September 10th, 2021|
Each state has its own motorcycle laws. Some states allow motorcyclists to ride without a helmet, while others don’t. Some have extensive requirements for obtaining a motorcycle license, while other states are less stringent.
One popular—and controversial—motorcycling technique that is also regulated by states is lane-splitting. Though most states have laws forbidding lane-splitting, California is a little different.
First, let’s establish what we mean when we say lane-splitting.
What’s Considered Lane-Splitting in California?
Lane-splitting is when a motorcyclist travels in between lanes to navigate traffic. For example, if there’s a traffic jam on Interstate 280 and a motorcyclist travels between lanes of traffic, riding down the white lane divider line, they’re lane-splitting.
What Is California’s Lane-Splitting Law in 2021?
Obviously, motorcyclists are still required to follow all the rules of the road. But unlike many other states, California does not have a law forbidding lane-splitting.
California even issued lane-splitting safety tips for motorcyclists in 2018. Some of the tips include:
- Understanding that lane-splitting is more dangerous when done at higher speeds.
- It’s safest to split between the lanes that are furthest to the left on roads with three lanes or more.
- Avoid lane-splitting near large vehicles, such as tractor-trailers and buses.
- Stay visible and avoid lingering in other vehicles’ blind spots.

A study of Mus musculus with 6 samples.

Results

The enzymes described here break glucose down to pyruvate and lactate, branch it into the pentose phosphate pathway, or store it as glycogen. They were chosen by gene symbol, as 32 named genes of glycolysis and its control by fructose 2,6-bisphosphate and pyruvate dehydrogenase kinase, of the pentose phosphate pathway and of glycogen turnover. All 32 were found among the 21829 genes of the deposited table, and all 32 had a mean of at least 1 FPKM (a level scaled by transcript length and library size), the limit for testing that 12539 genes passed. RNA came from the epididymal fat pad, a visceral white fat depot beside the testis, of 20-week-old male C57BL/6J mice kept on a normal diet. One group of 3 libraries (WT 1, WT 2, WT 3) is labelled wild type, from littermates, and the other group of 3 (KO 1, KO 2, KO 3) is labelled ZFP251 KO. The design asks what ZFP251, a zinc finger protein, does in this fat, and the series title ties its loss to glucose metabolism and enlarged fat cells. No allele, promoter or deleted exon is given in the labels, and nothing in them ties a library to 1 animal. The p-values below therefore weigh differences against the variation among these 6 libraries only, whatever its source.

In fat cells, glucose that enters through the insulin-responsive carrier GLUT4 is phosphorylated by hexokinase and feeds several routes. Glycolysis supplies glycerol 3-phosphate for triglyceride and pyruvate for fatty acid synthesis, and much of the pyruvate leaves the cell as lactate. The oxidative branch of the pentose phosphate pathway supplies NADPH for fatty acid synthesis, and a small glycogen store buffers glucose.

- Wear brightly colored or reflective clothing and using high beams in the daytime.
Note that riding on the shoulder of a road is not considered lane-splitting and is not legal. If a motorcyclist rides on the shoulder in California, police officers can (and likely will) give them a ticket.
Is Lane-Splitting Safe?
The Safe Transportation Research and Education Center at UC Berkeley conducted a study that found only 17% of motorcycle crashes from 2012 to 2013 involved lane-splitting.
Studies also suggest that the greater the difference between overall traffic and the motorcycle splitting lanes, the more dangerous lane-splitting becomes. So, it’s important for motorcyclists to avoid traveling more than 10 MPH faster than surrounding traffic. Researchers believe that lane-splitting is safest at speeds under 50 MPH.
Lane-Splitting Isn’t Popular with Other Motorists
The fact that California permits lane-splitting draws the ire of many non-motorcyclists. Several surveys suggest that drivers believe this practice should be illegal. And many drivers don’t even realize that it’s not illegal.
As is typical on our roads, other drivers often have a bias against motorcyclists. It’s not uncommon for drivers to fail to give motorcyclists the space they need to safely navigate our roads.
Sadly, the stigma facing motorcyclists on our roads often follows them into the accident claims process. Insurance companies are notorious for offering motorcyclists lowball settlements or to deny their claims altogether, even when their accidents are caused by drivers purposefully failing to yield to a motorcyclist.
If You Need Legal Representation, We Have Your Back
If you or a loved one was injured by a negligent driver in California, you should know your legal rights so you don’t get taken advantage of by insurance companies.
At Berg Injury Lawyers, our California motorcycle accident attorneys have years of experience ensuring motorcyclists get the compensation they’re entitled to by law. We can help you explore your legal options. Simply contact our firm today to schedule a free consultation.
This content was originally published in October 2020 and updated in September 2021.